DuPont analysis is a model widely used in financial ratio analysis to designate the ability of a company to increase its return on equity ratio (ROE). The model breaks down ROE ratio into three components: profit margin, asset turnover, and financial leverage.
The DuPont model is expressed as follows:
ROE = Profit margin × Asset Turnover × Financial Leverage
Profit margin, also known as net profit margin, is usually calculated for common shareholders; thus, net income less preferred dividends (if available) should be used.
Average total assets are the sum of total assets at the beginning and at the end of the period divided by 2.
Value of total assets and shareholders’ equity can be found in the balance sheet, net sales and net income can be found in the income statement, and preferred dividends can be found in the notes to the financial statements.
DuPont model interpretation
DuPont analysis breaks down return on equity into three major components to determine the impact of each of them.
- Profit margin. This ratio reflects a company’s strength in generating profit from each dollar of sales.
- Asset turnover. This ratio measures how efficiently a company uses its assets to generate sales.
- Financial leverage or equity multiplier. This ratio shows the extent to which a company uses debt financing. The greater the value of a ratio, the greater the risk and uncertainly of expected ROE.
The goal of DuPont analysis isn’t to calculate ROE but to identify factors affecting it. If investors are not satisfied with the current ROE ratio, management can analyze what problems caused its current value and attempt to solve them.
The balance sheet of XYZ company is as follows:
Balance sheet, US$ in thousands
The reported statement of income for the 20X8 financial year is as follows:
XYZ company has declared total preferred dividends of $250,000.
To find net income attributable to common shareholders, we needed to subtract the total amount of preferred dividends of $250,000.
The average total assets are $54,420,000 ([$52,970,000 + $55,870,000] ÷ 2); thus, asset turnover ratio is as follows:
The total common shareholders’ equity at the end of the current year is $31,740,000 ($33,740,000 – $2,000,000) and $34,060,000 ($36,060,000 – $2,000,000) at the beginning of the year. Thus, the average common shareholders’ equity is $32,900,000 ([$31,740,000 + $34,060,000] ÷ 2).
In terms of the DuPont model, the ROE of XYZ company is 15.47%.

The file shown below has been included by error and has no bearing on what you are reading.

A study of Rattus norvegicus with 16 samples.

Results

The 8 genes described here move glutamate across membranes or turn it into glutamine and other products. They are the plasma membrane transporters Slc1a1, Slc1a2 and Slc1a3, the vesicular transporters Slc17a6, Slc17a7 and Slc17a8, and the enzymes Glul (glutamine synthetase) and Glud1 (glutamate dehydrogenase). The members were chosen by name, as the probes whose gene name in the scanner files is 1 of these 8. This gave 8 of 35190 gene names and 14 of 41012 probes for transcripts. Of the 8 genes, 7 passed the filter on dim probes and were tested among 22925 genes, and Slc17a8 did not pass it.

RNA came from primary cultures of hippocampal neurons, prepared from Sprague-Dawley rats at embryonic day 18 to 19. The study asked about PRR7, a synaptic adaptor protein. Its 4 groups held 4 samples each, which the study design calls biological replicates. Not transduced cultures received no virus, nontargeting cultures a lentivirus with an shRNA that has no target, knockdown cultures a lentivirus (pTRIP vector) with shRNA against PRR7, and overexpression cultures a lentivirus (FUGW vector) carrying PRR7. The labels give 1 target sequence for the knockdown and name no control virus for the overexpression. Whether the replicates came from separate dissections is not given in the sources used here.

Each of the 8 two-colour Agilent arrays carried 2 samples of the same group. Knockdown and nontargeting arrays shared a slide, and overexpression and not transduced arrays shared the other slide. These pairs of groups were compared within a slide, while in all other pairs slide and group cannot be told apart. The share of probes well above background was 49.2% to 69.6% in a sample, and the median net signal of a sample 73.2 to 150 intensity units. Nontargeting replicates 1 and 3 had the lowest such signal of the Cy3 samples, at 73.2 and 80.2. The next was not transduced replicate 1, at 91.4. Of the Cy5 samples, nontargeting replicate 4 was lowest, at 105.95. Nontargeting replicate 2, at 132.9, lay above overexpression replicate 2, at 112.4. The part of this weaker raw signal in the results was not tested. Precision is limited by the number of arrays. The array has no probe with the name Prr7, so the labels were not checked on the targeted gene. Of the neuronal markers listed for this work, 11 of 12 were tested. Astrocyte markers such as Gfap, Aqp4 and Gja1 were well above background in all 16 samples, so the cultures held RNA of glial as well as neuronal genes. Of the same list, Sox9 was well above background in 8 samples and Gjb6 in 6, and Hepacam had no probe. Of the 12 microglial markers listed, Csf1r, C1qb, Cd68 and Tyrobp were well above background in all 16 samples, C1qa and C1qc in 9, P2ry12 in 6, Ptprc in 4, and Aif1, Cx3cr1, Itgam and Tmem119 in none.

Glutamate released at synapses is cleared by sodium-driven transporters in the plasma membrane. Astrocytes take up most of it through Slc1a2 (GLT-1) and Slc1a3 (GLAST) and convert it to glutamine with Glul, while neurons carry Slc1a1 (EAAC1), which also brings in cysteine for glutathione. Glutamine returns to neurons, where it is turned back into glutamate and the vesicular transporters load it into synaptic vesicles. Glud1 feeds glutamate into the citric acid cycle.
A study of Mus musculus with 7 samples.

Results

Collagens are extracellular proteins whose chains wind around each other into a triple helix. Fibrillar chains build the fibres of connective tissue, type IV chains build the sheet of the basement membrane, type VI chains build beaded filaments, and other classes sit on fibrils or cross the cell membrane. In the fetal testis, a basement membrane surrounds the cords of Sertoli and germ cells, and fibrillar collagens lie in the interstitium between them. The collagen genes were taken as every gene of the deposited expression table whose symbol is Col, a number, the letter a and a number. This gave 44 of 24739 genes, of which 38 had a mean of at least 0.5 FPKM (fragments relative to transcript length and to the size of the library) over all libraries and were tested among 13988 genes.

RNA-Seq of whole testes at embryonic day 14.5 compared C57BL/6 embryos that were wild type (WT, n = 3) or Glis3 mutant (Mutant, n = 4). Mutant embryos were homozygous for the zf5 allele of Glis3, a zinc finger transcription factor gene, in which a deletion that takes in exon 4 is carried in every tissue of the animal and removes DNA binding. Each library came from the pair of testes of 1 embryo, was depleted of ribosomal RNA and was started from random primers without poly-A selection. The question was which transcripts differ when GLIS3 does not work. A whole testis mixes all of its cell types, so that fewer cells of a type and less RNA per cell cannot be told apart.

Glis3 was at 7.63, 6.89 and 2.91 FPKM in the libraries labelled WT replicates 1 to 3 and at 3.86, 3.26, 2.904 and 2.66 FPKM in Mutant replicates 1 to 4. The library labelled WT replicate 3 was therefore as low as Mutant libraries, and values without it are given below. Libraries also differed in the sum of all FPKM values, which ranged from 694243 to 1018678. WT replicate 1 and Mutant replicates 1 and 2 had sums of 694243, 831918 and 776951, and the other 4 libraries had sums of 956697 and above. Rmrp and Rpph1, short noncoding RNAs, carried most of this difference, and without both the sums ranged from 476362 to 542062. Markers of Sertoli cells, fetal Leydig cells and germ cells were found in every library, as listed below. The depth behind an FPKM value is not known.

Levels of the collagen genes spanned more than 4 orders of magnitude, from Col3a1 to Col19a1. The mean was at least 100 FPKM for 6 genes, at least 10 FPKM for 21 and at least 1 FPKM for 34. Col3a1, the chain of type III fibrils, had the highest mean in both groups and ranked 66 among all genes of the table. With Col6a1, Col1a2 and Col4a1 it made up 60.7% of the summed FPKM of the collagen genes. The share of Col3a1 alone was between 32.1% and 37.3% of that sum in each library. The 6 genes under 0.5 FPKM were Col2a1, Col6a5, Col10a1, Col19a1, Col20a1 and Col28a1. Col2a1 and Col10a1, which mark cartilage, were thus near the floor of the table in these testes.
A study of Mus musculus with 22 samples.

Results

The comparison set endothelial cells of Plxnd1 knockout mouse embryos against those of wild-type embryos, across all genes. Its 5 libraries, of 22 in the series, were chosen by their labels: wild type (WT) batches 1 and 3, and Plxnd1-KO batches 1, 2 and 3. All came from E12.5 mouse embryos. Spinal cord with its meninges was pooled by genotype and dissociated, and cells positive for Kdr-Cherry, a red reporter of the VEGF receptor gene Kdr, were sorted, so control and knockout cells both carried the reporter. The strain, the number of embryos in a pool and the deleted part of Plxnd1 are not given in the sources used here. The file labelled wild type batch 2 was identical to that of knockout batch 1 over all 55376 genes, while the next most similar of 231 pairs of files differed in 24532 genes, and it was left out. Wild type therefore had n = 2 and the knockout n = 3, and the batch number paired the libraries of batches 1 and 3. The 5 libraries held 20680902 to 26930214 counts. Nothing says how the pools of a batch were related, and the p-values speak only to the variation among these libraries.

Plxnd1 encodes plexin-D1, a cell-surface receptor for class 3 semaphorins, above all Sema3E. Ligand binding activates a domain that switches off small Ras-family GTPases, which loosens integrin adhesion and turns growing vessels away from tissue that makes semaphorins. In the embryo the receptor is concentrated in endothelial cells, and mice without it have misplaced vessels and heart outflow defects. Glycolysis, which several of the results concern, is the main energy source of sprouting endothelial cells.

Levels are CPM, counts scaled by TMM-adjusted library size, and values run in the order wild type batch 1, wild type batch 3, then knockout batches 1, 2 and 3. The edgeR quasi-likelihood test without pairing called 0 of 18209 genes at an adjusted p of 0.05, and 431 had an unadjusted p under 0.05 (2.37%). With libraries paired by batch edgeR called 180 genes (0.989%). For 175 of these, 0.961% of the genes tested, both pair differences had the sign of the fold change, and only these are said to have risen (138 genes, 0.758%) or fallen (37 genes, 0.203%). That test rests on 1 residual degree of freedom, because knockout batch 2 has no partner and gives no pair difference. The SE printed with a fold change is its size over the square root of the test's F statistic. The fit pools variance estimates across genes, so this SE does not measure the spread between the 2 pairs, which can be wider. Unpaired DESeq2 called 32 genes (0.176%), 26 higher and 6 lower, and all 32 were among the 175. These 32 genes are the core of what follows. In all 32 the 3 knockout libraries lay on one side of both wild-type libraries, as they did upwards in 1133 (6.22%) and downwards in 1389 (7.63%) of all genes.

ROE = 11.16% × 0.84 × 1.65 = 15.47%
Let’s assume another company of the same size operating in the same industry having a profit margin ratio of 11.23%, an asset turnover ratio of 1.19, and financial leverage of 1.16. It has the same ROE of 15.47%.
ROE = 11.23% × 1.19 × 1.16 = 15.47%
Although both companies have about the same profit margin, DuPont analysis shows they have different strengths and weaknesses in assets turnover and financial leverage. XYZ company can increase its ROE by improving assets utilization, and the other company can increase its financial leverage ratio.
The DuPont model can be more complicated than the 3-factor model mentioned above. For example, more detailed analysis can be done using the 5-factor model.
where EBIT is earnings before interest and tax, and EBT is earnings before tax.
For deeper insight, the 5-factor DuPont model additionally breaks down profit margin into three components to determine the impact of interest and the tax burden.
An example of deeper decomposition of ROE is shown in the DuPont chart below.
Advantages and disadvantages of DuPont analysis
DuPont analysis is an excellent technique to determine the strengths and weaknesses of a company. Each weak financial ratio used in the model can be decomposed to get deeper insight into the source of weakness. When sources of weakness are identified, management can take some actions (e.g., improve expense control, asset management, or marketing) to improve the return on equity ratio.
The main drawback of DuPont analysis is that it uses accounting data disclosed in financial statements, which can be manipulated by management to hide some weaknesses. Thus, to get correct results, accurate accounting data must be inputted.
Another disadvantage is inherent to all financial ratio analysis systems. It works best to compare companies of the same size working in the same industry.